Top SpaceX employee throws shade at just about all of his competitors

The price that government programs “charge for their rockets is just ridiculous.”

Although the provenance of the 54-minute call is not entirely clear, there is no question it is Mueller speaking, and he is doing so in a rare, unfiltered way. The 15-year employee of SpaceX, who is now the company’s Propulsion Chief Technology Officer, says things that many of SpaceX’s employees probably feel, but which are nonetheless impolitic. In other words, Mueller throws shade at just about everyone. For example, of the company’s most immediate rival, United Launch Alliance, Mueller has this to say: “The cost that the government cost-plus programs charge for their rockets is just ridiculous.”

During an approximately 30-minute monologue, which was followed by a Q&A, Mueller expands on what it was like to work at a start-up rocket company when the field was populated primarily by large aerospace companies and government entities, and to eventually come out on top. “We really changed the industry,” he says. “The other guys are really scrambling. It’s pretty funny to watch.” The call originates about a month after SpaceX’s historic flight of a reused rocket.

Now, Mueller says, SpaceX is having the last laugh. “We were ridiculed by the other big companies in the launch-vehicle business,” he says. “At first they ignored us, and then they fought us, and then they found out they really couldn’t win in a fair fight because we were successful and were factors of two, three, or even five lower cost than what they could do. So then it becomes an unfair fight where they try to destroy you politically or use other means. And then, at some point, they figure out that they’ve got to do what you’re doing.”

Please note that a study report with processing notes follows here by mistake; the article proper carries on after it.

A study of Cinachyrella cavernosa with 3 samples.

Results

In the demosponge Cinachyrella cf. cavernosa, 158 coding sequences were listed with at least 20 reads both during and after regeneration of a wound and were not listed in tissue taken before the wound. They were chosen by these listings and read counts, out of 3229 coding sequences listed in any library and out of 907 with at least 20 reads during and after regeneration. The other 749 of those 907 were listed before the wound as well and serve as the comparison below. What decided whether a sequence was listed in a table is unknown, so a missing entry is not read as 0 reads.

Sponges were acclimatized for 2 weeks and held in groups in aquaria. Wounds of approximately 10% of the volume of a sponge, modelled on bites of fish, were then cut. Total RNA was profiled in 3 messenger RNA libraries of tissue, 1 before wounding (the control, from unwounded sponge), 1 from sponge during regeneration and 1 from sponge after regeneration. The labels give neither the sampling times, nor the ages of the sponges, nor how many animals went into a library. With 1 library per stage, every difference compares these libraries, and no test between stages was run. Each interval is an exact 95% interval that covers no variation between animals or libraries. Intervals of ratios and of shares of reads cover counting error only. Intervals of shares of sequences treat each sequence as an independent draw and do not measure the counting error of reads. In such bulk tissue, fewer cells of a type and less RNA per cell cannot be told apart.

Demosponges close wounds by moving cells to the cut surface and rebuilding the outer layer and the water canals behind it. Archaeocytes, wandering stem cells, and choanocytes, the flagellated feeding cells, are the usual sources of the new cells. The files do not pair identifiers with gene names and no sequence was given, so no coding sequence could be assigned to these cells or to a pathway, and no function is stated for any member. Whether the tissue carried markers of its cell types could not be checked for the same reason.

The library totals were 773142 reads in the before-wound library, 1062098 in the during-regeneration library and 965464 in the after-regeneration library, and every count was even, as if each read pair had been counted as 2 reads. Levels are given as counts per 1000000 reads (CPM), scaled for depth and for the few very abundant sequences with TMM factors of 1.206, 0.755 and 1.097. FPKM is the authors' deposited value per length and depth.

The SpaceX engineer then proceeds to list the ways in which his competitors—except for Blue Origin, which he also credits for working on a fully reusable rocket—are unlikely to catch up.

“There’s a lot of talk from these other companies about how they’re going to make reusable [rockets]—recover the engines, recover the stages, come up with a much lower-cost rocket so they can compete. There’s no way that ULA [United Launch Alliance] would have considered buying engines from Blue Origin except for the pressure that SpaceX put on them. There’s no way that the French would have quickly abandoned the Ariane 5 and moved to the Ariane 6 design except for the pressure we’re putting on them… The Russians are now saying that they’re going to come up with a rocket that can beat SpaceX, which is entertaining because they’ve been working on their Angara for 22 years and have launched it once. Suddenly they’re going to come up with a low-cost one.”

During his remarks, Mueller largely spares NASA from criticism, although he suggests the agency should be doing much more to explore Mars with robotic spacecraft and to accelerate the search for life. He does make one critical comment about a rocket that costs a billion dollars, however, presumably a reference to NASA’s Space Launch System, which will cost more than a billion dollars to fly and will not be reused. “If your rocket costs a billion dollars, even if you use it 100 times, it’s still going to be very expensive to use. So we set out to build low-cost rockets from the very beginning.”

This call is reminiscent of remarks made a little more than a year ago by a senior-level employee of SpaceX’s competitor, United Launch Alliance. During candid remarks at a University of Colorado-Boulder seminar, which Brett Tobey did not know were being recorded, the vice president of engineering said United Launch Alliance could not compete with SpaceX on price. He was terminated almost immediately by the company.

In his visit with the astronomy club, Mueller talks about more than rockets. He says he admires SpaceX founder Elon Musk, but finds him “trippy” to work for. He also said that the boss’ mood can swing wildly from day to day depending upon the success of SpaceX and his car company, Tesla. Mueller echoes his boss in regard to concerns (or relative lack thereof) about planetary protection, the effort by NASA to preserve other planets and moons in the Solar System from Earth-based microbes. “NASA has protocols for that which we’re following—initially,” Mueller said.